In a quest to change the ongoing dialogue from “Is climate changing?” to “Can society manage unavoidable changes and avoid unmanageable changes due to climate change?” the White House released the National Climate Assessment report released earlier this week.
Unlike other government reports that are sleep-inducing tomes, the National Climate Assessment is an interactive website that features a descriptive narrative laced with multimedia in an almost too web-savvy manner that makes you wonder why the government didn’t use the same web designers for healthcare.gov. This multimedia report on climate change displays images of floods, droughts, sea level rise, and wildfires to emphasize their message: Human-induced climate change is happening now and here in the US.
I’ll admit - the report findings are daunting. Leaving me with the question - How can I possibly do anything about this? And, I’m sure I’m not the only one who felt this, especially since out of the 12 sections in the report, only one is dedicated to loosely discussing adaptation and mitigation strategies.
Although it is important to build consensus that climate change is a reality and for us to understand its impact on America’s national security – trying to change the mindsets of climate science skeptics might be a lost cause. Especially with some conservative voices claiming that the report findings was using “scare tactics”. Despite the public controversy, there are plenty of people that are already convinced, are willing to act, but lacking the tools to do so.
In the section of the report dedicated to Water Supply, a map shows a water supply stress index based on observations across the country. The water supply stress index is based on a ratio of water demand to available water supply (groundwater and surface water) with a critical threshold of water stress at 40%. According to the map, the majority of the water stress is in the western US. However, what the index fails to account for is water supply engineering that moves water from where it flows to where it does not.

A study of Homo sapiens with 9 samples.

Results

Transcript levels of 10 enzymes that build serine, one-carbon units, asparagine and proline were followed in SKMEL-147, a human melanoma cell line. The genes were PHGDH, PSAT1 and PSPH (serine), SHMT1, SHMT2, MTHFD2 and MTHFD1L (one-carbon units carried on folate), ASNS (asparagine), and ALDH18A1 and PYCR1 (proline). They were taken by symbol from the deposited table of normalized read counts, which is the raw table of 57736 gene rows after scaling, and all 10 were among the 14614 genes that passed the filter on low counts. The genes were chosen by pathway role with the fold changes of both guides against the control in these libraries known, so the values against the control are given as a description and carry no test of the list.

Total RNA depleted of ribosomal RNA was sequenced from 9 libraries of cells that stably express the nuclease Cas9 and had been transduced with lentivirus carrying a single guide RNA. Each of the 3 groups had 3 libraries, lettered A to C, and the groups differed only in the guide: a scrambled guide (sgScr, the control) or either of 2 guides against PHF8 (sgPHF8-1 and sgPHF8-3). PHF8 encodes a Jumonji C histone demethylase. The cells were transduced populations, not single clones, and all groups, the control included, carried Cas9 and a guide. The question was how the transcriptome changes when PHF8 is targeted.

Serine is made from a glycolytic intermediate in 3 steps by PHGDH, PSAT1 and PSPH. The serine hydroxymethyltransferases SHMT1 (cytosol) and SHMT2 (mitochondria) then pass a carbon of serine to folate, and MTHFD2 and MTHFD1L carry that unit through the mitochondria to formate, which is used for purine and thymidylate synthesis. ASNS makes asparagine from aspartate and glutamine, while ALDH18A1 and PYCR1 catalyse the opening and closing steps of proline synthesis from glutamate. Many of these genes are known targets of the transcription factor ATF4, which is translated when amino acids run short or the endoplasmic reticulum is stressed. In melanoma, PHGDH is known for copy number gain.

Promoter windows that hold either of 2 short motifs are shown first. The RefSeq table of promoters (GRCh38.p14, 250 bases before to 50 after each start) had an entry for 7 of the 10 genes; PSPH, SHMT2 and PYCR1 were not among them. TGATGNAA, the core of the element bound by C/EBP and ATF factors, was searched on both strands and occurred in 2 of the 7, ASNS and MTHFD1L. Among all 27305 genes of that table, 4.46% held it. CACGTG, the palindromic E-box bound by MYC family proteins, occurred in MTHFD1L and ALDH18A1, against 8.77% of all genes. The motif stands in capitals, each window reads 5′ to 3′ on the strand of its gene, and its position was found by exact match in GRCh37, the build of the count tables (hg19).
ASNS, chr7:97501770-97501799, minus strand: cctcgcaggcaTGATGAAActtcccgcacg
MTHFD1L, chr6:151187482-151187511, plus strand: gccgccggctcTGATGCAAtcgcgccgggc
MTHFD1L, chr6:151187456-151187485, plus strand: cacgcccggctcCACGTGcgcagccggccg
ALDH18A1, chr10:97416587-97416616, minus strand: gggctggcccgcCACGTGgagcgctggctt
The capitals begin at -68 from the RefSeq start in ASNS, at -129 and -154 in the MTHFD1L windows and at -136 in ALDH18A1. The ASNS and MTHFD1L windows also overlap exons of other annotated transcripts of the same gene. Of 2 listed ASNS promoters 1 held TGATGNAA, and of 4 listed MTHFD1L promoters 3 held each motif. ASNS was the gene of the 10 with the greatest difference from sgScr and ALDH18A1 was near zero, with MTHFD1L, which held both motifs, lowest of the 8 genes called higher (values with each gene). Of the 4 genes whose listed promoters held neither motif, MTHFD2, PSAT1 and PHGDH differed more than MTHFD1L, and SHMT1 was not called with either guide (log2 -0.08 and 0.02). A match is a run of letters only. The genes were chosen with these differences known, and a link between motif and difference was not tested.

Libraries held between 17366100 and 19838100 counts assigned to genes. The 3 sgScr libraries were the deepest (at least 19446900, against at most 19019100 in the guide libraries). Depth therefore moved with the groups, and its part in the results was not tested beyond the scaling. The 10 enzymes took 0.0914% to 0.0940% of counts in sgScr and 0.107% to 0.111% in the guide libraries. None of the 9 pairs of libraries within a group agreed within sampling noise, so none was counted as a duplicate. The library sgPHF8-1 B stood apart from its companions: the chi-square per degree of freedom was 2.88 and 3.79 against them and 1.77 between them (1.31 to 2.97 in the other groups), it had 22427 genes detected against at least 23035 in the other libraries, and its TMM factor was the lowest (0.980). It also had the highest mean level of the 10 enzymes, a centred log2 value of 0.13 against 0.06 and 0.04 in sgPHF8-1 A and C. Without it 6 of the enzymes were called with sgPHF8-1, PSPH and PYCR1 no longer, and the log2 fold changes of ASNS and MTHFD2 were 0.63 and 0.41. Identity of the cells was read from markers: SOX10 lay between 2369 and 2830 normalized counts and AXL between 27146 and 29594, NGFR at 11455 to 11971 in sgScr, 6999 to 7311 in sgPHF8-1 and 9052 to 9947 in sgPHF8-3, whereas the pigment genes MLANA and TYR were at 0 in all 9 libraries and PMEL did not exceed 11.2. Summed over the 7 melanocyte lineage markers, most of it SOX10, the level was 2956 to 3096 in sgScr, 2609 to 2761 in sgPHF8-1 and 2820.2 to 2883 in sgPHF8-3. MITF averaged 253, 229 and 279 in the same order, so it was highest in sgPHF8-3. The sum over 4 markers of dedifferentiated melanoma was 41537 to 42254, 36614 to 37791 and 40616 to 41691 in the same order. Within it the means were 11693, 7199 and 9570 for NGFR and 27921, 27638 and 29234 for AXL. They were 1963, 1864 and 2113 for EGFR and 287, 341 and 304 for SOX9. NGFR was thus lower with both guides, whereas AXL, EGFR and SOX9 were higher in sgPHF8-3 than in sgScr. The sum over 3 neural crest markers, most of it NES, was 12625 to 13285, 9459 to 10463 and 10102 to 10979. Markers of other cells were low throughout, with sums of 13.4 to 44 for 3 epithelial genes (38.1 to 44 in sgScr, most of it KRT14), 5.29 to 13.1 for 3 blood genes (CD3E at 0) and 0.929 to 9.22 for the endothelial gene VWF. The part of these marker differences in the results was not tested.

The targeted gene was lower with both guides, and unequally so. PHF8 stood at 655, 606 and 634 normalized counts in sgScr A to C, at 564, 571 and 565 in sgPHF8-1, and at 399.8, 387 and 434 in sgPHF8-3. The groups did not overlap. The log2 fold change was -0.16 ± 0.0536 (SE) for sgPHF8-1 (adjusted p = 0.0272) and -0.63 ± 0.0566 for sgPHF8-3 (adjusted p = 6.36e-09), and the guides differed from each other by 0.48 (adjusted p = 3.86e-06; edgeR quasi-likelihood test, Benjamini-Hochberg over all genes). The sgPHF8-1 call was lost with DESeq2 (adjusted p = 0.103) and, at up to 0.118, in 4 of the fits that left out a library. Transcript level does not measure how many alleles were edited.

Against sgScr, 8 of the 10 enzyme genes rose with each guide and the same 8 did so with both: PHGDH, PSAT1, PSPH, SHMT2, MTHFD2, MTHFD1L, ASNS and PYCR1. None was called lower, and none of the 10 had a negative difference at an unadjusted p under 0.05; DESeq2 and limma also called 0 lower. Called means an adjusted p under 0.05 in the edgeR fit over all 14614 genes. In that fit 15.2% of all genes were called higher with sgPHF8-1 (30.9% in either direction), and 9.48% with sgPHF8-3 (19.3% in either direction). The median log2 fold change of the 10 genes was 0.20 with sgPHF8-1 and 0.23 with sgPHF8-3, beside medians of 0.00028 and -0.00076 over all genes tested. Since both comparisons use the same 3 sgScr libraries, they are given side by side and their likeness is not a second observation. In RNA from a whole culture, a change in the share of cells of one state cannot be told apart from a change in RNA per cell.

This year, as California experiences its second to worse drought ever, the impacts are experienced by some more than others. Here is San Francisco Bay, we do our part to adhere to Governor Jerry Brown’s 20% voluntary reduction, but it’s an afterthought. With imported water from Hetch Hetchy to fill our toilets and water our lawns nothing has really changed. We’ve engineered our security.
Sure it's drier than usual, but it's only really a drought when it affects you directly. Similar to it’s only a recession when your neighbor looses their job and a depression when you loose your job. But how do we assist other counties in California to increase their water security. After all, we are all brothers and sisters of the Republic of California!
In California, there are several agencies that are true innovators for water management in the state. Last summer, I attended a conference hosted by the Association of California Water Agencies (ACWA) and was interested to hear how some smaller water utilities agencies were looking to improve their water management strategies to better combat decreasing groundwater, coastal seawater intrusion and poor groundwater quality, but were in need of direction and a toolbox to execute best management practices. Local control is certainly the mantra here in the state of California, due to the diversity in its landscape, communities, and water needs. Although there are no silver-bullet solutions for combating water stress, there are ways that we can offer a more centralized source for disseminating best management practices and decision-support tools that can help guide local decisions to move in the right direction.
This is low-hanging fruit and something that we should work together to achieve.